On Wednesday, the Biden Administration announced another round of spending on energy projects across the country, aimed at strengthening the nation’s weakened electric grid in the face of several major natural disasters.
As Fox News reports, the administration plans to spend at least $3.5 billion on 58 different projects across the country, as the electric grid deals with the strain of such disasters as wildfires in Maui and California.
Energy Secretary Jennifer Granholm described it as the largest federal investment ever in the grid’s infrastructure, claiming that the projects supported by this spending will harden electric systems and improve the reliability and affordability of the energy grid.
“The grid, as it currently sits, is not equipped to handle all the new demand” and withstand natural disasters and extreme weather worsened by climate change, said Granholm during a news conference. “We need it to be bigger, we need it to be stronger, we need it to be smarter,” in order to meet the administration’s self-imposed goal of 100% “clean energy” by the year 2035.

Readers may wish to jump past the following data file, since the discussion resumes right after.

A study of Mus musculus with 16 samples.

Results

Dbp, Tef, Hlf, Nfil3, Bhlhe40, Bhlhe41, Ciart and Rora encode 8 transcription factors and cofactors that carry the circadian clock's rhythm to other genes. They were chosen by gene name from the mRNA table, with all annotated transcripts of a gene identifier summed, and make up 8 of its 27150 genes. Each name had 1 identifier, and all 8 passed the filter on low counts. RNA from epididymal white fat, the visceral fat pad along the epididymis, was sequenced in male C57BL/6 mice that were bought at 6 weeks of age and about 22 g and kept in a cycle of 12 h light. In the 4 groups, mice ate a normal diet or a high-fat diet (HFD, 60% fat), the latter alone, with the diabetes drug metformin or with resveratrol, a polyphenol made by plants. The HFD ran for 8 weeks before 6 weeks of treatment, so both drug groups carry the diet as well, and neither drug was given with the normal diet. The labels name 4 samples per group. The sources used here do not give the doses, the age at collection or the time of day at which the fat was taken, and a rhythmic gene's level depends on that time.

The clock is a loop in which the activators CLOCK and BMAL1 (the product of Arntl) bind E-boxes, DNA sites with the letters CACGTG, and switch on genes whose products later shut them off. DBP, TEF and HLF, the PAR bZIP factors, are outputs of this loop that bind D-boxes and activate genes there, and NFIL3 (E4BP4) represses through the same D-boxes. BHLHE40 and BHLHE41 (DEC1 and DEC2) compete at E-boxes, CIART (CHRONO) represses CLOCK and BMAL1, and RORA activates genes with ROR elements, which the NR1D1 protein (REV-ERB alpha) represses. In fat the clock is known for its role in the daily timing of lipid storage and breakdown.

The spending will be under the Grid Resilience and Innovation Partnerships (GRIP) program, and will attempt to encourage such energy sources as solar, wind, and other forms of “green” energy in order to increase the flexibility and efficiency of electric power systems across the country.
Among the projects receiving funding are a $249 million effort to improve the energy grid in rural areas of Georgia and Louisiana, as well as $250 million for a Native American tribe in Oregon. The single largest spending allocation is $464 million for the improvement of five transmission projects in seven Midwestern states, stretching from Iowa to North Dakota. Also included will be $95 million for Hawaii, to help the island state recover from the catastrophic fires that tore through the island of Maui earlier this year. Another $150 million will go to PacifiCorp in order to improve the grid and wildfire mitigation measures in California, Oregon, Utah, and other Western states.